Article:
The biggest movie flop of 2012 was Disney’s John Carter, which lost buckets of money and was mocked in the press as a gigantic, Heaven’s Gate-style fiasco. The media had a blast trashing this movie, and that’s too bad, because while John Carter isn’t the greatest (or even goodest) thing in the world, it had a lot of charm to it, and some individual parts that worked really well.
The movie is based on the John Carter of Mars series from Edgar Rice Burroughs. In a classic case of dopey corporatization, the title of the film was changed to John Carter, which might be the vaguest name for a film ever conceived. What could a film named John Carter possibly be about? An accountant? A dashing insurance salesman? It’s bland and stupid and awful. In fact, the marketing for this film was a consistent series of screw-ups. John Carter is a rip-roaring sci-fi adventure; Contrast that with the first teaser trailer that was shown in theaters:
Also, while I love Friday Night Lights, Taylor Kitsch is kinda crappy in this movie. He’s almost like that teaser: WAY too broody for the content of the film itself. I get that Carter is supposed to have a lot of pain due to the loss of family (which is explained way too late in the film), but Kitsch’s dour buzzkill of a performance brings several moments down.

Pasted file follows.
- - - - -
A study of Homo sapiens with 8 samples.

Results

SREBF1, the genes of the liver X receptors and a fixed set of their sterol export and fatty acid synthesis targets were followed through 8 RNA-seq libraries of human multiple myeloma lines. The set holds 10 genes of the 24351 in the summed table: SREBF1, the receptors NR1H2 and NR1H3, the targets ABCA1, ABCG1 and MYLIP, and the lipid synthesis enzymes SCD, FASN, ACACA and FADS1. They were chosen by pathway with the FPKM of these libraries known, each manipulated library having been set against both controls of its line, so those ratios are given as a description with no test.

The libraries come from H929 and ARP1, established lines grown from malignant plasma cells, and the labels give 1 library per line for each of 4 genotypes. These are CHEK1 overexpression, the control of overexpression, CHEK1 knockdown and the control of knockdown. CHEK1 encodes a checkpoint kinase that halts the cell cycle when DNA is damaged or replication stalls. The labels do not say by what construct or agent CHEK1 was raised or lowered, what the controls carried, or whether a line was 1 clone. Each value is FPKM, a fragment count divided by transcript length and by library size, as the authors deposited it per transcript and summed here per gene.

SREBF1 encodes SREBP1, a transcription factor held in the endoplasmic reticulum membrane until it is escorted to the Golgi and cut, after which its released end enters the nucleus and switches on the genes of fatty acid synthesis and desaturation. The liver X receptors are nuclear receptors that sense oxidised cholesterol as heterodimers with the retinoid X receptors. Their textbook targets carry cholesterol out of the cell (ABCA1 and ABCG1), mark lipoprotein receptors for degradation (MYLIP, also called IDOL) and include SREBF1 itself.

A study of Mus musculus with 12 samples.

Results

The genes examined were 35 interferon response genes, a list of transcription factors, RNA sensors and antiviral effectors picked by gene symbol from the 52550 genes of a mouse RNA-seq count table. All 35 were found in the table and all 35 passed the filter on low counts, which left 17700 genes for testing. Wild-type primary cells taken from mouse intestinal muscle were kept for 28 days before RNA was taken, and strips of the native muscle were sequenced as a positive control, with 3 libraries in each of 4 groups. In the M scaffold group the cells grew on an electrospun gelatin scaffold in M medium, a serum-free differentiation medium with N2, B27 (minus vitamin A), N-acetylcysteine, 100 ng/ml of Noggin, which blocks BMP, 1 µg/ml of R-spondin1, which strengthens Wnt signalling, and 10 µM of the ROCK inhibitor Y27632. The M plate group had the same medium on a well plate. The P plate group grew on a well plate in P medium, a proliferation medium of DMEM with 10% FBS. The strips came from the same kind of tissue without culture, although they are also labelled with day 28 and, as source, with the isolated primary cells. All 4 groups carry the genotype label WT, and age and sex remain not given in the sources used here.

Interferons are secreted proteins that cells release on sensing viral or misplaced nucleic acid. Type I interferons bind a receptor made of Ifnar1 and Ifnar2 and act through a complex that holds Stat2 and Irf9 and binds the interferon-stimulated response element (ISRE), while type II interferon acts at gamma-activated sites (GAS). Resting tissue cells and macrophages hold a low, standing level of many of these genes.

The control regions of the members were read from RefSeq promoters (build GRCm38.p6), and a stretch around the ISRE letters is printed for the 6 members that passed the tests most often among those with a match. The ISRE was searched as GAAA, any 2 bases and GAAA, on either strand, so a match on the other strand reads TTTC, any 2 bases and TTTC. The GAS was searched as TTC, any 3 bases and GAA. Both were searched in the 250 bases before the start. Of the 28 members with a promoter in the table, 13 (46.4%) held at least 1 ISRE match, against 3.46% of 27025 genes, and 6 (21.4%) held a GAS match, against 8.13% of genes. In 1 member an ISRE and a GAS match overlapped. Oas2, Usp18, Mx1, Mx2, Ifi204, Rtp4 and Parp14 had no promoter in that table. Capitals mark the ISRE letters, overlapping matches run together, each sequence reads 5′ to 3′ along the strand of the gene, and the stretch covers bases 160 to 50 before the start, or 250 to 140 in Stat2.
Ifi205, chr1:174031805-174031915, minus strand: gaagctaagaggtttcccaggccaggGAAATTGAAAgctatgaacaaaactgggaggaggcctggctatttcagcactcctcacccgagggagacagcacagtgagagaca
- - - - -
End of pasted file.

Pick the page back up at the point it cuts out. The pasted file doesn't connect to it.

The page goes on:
Still, there’s a lot I like about John Carter. The action is fun and refreshingly clear and easy-to-follow, and the moments of levity are genuinely funny. Carter also has a CGI sidekick that’s pretty funny; I’m baffled as to how Disney couldn’t figure out how to sell toys based off that one creature alone. Another revelation in the film is Lynn Collins, who plays a Martian princess. Lynn Collins is hot. SO hot. She’s also the most fun character in the film, and captures the perfect tone for the movie. Oh Lynn Collins, you’re TREMENDOUS!
The story has tons of dropped subplots and bizarre structure…As I recall, the film has two or three different opening scenes that could each serve as the opening of the movie. It’s very odd. The script of John Carter is probably it’s worst enemy. There’s a scene where Carter kills a bunch of bad guys while flashing back to how his family died. As a standalone sequence, it’s awesomely put together and moving and triumphant and all that jazz. Unfortunately, what’s supposed to be moving and exciting just feels off, a victim of the wonky structure that occurred before it.
This was the first live-action film directed by Andrew Stanton whose Pixar credits include Finding Nemo and Wall-E, and John Carter is at its best when it’s telling the story visually. Any time dialogue or exposition is required, the film grinds to a halt. If you get a chance and have the ability to lower your expectations, check out John Carter. You may not be glad you did, but you won’t be all that mad either.